MANAGED CARE March 2014. © MediMedia USA
News & Commentary

Progress Against Pediatric Cancer Spurs Concern About Future Problems

The battle against pediatric cancer has made impressive gains in the past 40 years, but new challenges abound and the fight continues, says a study in CA: A Cancer Journal for Clinicians. “Death rates for all childhood and adolescent cancers combined declined steadily by an average of 2.1% per year since 1975, resulting in an overall decline of more than 50%,” say the authors of “Childhood and Adolescent Cancer Statistics, 2014.”

Nonetheless, an estimated 1,960 young people will die from the disease in 2014. Cancer is the second leading cause of death for this group, behind accidents.

Also this year, roughly 15,780 children and adolescents will be diagnosed with cancer.

The study states that “for the most part children who survived five years after diagnosis of their primary tumor had a high probability of subsequent survival.” About 1 in 530 people ages 20–39 is a survivor of childhood cancer. And survivors are vulnerable to a host of problems as they get older.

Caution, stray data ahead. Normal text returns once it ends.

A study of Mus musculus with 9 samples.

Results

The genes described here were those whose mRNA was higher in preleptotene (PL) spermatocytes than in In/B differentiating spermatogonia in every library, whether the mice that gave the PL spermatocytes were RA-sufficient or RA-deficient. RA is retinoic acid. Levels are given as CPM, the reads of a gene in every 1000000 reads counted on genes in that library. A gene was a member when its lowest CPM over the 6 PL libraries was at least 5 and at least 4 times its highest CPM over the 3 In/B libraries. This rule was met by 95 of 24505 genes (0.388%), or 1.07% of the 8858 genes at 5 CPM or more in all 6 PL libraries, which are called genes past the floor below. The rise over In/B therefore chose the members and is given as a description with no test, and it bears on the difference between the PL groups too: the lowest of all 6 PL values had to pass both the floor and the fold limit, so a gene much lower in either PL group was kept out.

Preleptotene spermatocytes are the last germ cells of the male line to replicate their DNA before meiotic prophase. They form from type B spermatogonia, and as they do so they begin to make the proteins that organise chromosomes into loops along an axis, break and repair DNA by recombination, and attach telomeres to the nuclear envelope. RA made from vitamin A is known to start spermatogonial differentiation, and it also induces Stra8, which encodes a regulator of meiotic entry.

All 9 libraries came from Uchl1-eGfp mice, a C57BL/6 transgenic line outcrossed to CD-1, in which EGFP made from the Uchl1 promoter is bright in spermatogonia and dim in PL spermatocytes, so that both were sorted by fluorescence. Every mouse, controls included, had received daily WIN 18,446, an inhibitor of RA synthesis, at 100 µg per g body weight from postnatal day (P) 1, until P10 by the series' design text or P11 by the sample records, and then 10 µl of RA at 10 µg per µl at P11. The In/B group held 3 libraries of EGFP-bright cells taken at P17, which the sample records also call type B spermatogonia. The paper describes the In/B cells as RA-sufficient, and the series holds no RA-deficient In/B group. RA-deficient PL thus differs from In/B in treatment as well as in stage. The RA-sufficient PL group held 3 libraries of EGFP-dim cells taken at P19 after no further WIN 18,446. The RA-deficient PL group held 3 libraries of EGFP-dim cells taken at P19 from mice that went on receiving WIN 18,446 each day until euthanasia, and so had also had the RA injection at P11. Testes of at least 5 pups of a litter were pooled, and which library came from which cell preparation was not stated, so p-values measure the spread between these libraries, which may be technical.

“For example, the increased use of dexamethasone in contemporary ALL [acute lymphoblastic leukemia] therapy has resulted in higher prevalence of osteonecrosis and spurred research to identify clinical and genetic factors predisposing patients to this complication and its long-term functional limitations,” the study states. It adds that “survivors of HL [Hodgkin’s lymphoma] who are treated with chest irradiation have an increased risk of developing lung cancer, and tobacco use increases this risk 20-fold.”

Researchers cannot pinpoint what causes most childhood cancers. “In contrast to cancers in adults, only a relatively small percentage of all childhood cancers have known preventable causes,” the study states. “Although numerous epidemiologic studies have investigated potential environmental causes of childhood cancers, few strong or consistent associations have been found.”

In addition, not all childhood cancers have seen significant improvement in survival rates. For instance, the median survival time is less than a year for people diagnosed with diffuse intrinsic pontine glioma.